Misguided Instruction

Sadly, there is a lot of misinformation in the world. Here is my attempt to list the various places that are spreading false ideas about the credibility of .org domain names.

Spreading Awareness

The purpose of this list is to showcase just how widespread the misconception of .org domain names really is. If you encounter a website, textbook, or any other resource that misrepresents the implied credibility of the .org domain name I encourage you to reach out to its publisher and tell them that they are misleading their audience. You can point them to this website, www.dotorgdoesntmeancredible.org for more information. Additionally, if you find any examples in the wild, feel free to reach out to me via email so I can update this list.

The Culprits:

Name Format Description
Weaponized Lies: How to Think Critically in the Post-Truth Era Book While generally a great overall discussion on issues of misinformation and disinformation, the book states that "Knowing the domain can also help to identify any potential bias. You’re more likely to find a neutral report from an educational or nonprofit study (found on a .edu, .gov, or .org site)"
Invitation to Public Speaking, Fifth Edition Textbook In its section on evaluating Internet Information, this textbook states that a .org doman name represents "a nonprofit organization more interested in services and issues than in commerce."
Morehead State University Camden-Carroll Library University Website This research guide suggests that students can look at a website URL for evaluating a website's credibility. It correctly states that .org is a common Top Level Domain, but inaccurately asserts that is indicates a website is that of a non-profit organization.
Central Michigan University Libraries University Website This website isn't necessarily that bad of a culprit. It does recommend that students analyze .org website carefully, as they may be biased toward a specific agenda. However, it still suggests that all websites ending in .org are organizations.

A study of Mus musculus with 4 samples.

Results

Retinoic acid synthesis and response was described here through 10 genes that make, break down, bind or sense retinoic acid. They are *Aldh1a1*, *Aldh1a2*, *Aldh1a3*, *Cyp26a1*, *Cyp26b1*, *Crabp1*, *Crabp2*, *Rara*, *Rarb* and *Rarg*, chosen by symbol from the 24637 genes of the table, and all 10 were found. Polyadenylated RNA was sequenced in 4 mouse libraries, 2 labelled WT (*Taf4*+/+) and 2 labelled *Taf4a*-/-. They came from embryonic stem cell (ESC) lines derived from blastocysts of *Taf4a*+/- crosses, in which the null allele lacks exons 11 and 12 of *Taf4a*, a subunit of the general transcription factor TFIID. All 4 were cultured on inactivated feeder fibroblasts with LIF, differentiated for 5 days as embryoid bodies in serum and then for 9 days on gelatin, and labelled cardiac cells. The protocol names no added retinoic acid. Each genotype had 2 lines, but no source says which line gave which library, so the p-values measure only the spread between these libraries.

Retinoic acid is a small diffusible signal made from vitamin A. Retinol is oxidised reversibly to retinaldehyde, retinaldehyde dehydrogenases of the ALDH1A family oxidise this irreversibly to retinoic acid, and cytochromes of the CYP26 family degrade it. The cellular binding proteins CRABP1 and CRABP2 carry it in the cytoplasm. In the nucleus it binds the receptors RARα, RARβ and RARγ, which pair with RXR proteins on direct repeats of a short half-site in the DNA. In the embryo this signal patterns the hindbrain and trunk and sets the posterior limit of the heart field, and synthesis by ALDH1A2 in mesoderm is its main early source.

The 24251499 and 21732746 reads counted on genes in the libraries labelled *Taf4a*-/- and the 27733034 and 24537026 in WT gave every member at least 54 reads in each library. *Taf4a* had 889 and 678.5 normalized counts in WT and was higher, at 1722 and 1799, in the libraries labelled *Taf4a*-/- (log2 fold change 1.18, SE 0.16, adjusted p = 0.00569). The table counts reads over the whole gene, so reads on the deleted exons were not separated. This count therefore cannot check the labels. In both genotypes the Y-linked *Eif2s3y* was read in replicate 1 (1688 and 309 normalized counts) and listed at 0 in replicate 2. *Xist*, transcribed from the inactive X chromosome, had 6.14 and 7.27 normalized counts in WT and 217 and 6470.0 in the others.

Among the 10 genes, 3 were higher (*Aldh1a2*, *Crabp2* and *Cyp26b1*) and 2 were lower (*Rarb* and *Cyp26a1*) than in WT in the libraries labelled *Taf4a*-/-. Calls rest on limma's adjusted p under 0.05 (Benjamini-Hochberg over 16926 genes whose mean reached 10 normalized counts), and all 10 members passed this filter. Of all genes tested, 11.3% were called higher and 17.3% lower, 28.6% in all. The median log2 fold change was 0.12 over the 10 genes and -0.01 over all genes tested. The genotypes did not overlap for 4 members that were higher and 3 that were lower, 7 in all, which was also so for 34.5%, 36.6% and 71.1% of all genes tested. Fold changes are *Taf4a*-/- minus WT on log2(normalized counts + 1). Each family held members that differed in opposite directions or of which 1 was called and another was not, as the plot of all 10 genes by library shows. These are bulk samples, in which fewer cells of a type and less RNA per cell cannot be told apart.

Public Speaking Now: Textbook and Coursebook for SPCM 200: Public Speaking Textbook In Chapter 6: Research, this textbook instructs students to check the URL when assessing the credibility of a webpage. While the book does acknowledge that there are few limitations on who can own these URLs, it nonetheless continues to perpetuate false understandings of URLs by stating "URLs that feature .com, .org, or .edu tend to be the most credible, representing businesses, institutions, and schools and universities, respectively."
Kent State University Libraries University Website "Does the URL suggest a reputable affiliation with regard to the topic--personal or official site; type of Internet domain (i.e., .edu: educational institution; .org: non-profit organization; .com: commercial enterprise; .net: Internet Service Provider; .gov: governmental body; .mil: military body)?"
Mayo Clinic Patient Education Healthcare Provider In the pamphlet "Finding Reliable Health Information on the Internet," the Mayo Clinic states that a website URL can give information about a its credibility, but suggests that .org means "a non-profit organization owns or sponsors this website" without providing any caveats.